I've been an Amazon.com user for a long time and I know that, during most of the year, their shipping is pretty quick and delightful... except in December and the beginning of semesters. During those periods, the ship dates CANNOT be trusted and my Spidey Sense starts to tingle (admittedly, this is a mixed metaphor of a sort, given my avatar).
So... I warn the students. Grad students. No no. Uh uh.
For the Fall Semester, since I was using a new textbook for one of my classes (a fine new book that was half the price of a comparable book AND from one of the larger academic publishers), I publicized it to all of my registered students during the summer. I let them know that the book was available, that it was cheap (EVEN AT THE UNIVERSITY BOOKSTORE PRICES) and to WATCH OUT if they got it from alternative sources.
You can guess what happened.
The Silver Banshee - Decided to go the Amazon.com route. By the Week #2, it still hadn't shown up. AND... she had purchased it from an Amazon third party for about twice the price.
Lex Luthor - Also went to Amazon.com. Still hadn't arrived by Week #3.
Of course, I told both to see a classmate, whatever. They undoubtedly did that because they turned in their homework.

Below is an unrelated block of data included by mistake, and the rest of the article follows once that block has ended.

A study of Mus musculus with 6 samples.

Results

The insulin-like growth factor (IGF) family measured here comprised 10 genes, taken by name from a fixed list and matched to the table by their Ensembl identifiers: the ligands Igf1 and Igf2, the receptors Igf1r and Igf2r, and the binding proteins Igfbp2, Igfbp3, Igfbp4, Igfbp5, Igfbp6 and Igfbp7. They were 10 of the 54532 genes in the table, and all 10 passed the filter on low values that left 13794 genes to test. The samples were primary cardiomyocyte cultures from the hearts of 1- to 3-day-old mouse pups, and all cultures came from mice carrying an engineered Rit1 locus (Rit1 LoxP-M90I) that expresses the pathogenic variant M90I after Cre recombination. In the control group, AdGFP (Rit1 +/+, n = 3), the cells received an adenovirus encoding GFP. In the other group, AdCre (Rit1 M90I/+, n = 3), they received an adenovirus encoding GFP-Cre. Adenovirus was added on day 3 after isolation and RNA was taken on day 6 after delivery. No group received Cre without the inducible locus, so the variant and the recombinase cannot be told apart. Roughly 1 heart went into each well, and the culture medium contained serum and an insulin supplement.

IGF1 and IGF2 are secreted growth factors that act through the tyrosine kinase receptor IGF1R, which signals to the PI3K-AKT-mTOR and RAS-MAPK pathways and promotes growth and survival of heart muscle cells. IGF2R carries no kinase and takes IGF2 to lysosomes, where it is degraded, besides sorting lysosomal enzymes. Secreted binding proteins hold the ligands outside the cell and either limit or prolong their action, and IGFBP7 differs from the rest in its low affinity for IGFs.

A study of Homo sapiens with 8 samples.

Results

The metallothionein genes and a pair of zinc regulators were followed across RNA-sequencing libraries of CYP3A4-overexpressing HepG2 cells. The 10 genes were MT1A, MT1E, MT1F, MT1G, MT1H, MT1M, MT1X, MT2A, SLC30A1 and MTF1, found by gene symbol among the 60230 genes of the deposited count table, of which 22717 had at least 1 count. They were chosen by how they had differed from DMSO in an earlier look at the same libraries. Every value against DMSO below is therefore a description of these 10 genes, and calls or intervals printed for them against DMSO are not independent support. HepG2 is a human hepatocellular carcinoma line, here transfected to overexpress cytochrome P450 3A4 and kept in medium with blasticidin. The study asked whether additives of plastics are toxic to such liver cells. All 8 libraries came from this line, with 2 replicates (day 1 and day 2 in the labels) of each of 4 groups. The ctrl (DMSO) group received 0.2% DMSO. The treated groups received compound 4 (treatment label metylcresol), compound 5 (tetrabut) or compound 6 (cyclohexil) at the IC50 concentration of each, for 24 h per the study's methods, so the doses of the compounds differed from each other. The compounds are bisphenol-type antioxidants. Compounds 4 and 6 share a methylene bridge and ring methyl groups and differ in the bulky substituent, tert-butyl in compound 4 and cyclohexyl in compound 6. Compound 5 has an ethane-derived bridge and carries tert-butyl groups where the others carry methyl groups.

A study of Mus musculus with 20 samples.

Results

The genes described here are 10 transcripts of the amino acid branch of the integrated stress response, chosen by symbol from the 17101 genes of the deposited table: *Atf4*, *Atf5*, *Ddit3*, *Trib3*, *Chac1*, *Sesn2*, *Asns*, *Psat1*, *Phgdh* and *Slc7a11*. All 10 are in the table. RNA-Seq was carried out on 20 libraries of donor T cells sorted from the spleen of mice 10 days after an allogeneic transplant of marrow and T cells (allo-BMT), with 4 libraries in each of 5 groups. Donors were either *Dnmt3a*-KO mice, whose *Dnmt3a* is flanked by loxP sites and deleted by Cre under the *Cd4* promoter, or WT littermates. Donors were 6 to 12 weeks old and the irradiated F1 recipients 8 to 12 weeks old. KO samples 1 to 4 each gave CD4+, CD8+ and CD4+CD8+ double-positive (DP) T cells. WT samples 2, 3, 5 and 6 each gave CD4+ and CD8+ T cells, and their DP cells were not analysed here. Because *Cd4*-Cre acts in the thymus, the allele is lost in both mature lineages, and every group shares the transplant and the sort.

So... I thought this was over. However, it was a little irksome, particularly since I had these two before.
THAT WAS UNTIL... a student in my OTHER class (a totally different class) informed me of a problem. This week was Week #5 and Brainiac told me that her book had not arrived yet. And we are almost done with the book. And most of the mid-term will cover material from that text. I was gasping for air, just as if green kryptonite had been placed at my feet.
Certainly, the book problem is theirs, but they laid the problem on my lap after I told them all this summer about the textbook.
My options are:
1. As the defender of Truth and Justice, just let it be. After all, Student = Snowflake. The tests and papers will undoubtedly reflect this slackness.
2. Get out the Phantom Zone projector and send them away.
3. Conjure Billy Mumy from the old Twilight Zone episode and wish them into the corn field.
4. Turn them over to Rorschach from The Watchmen.
5. Do 2, 3, and 4, and use them as examples next semester.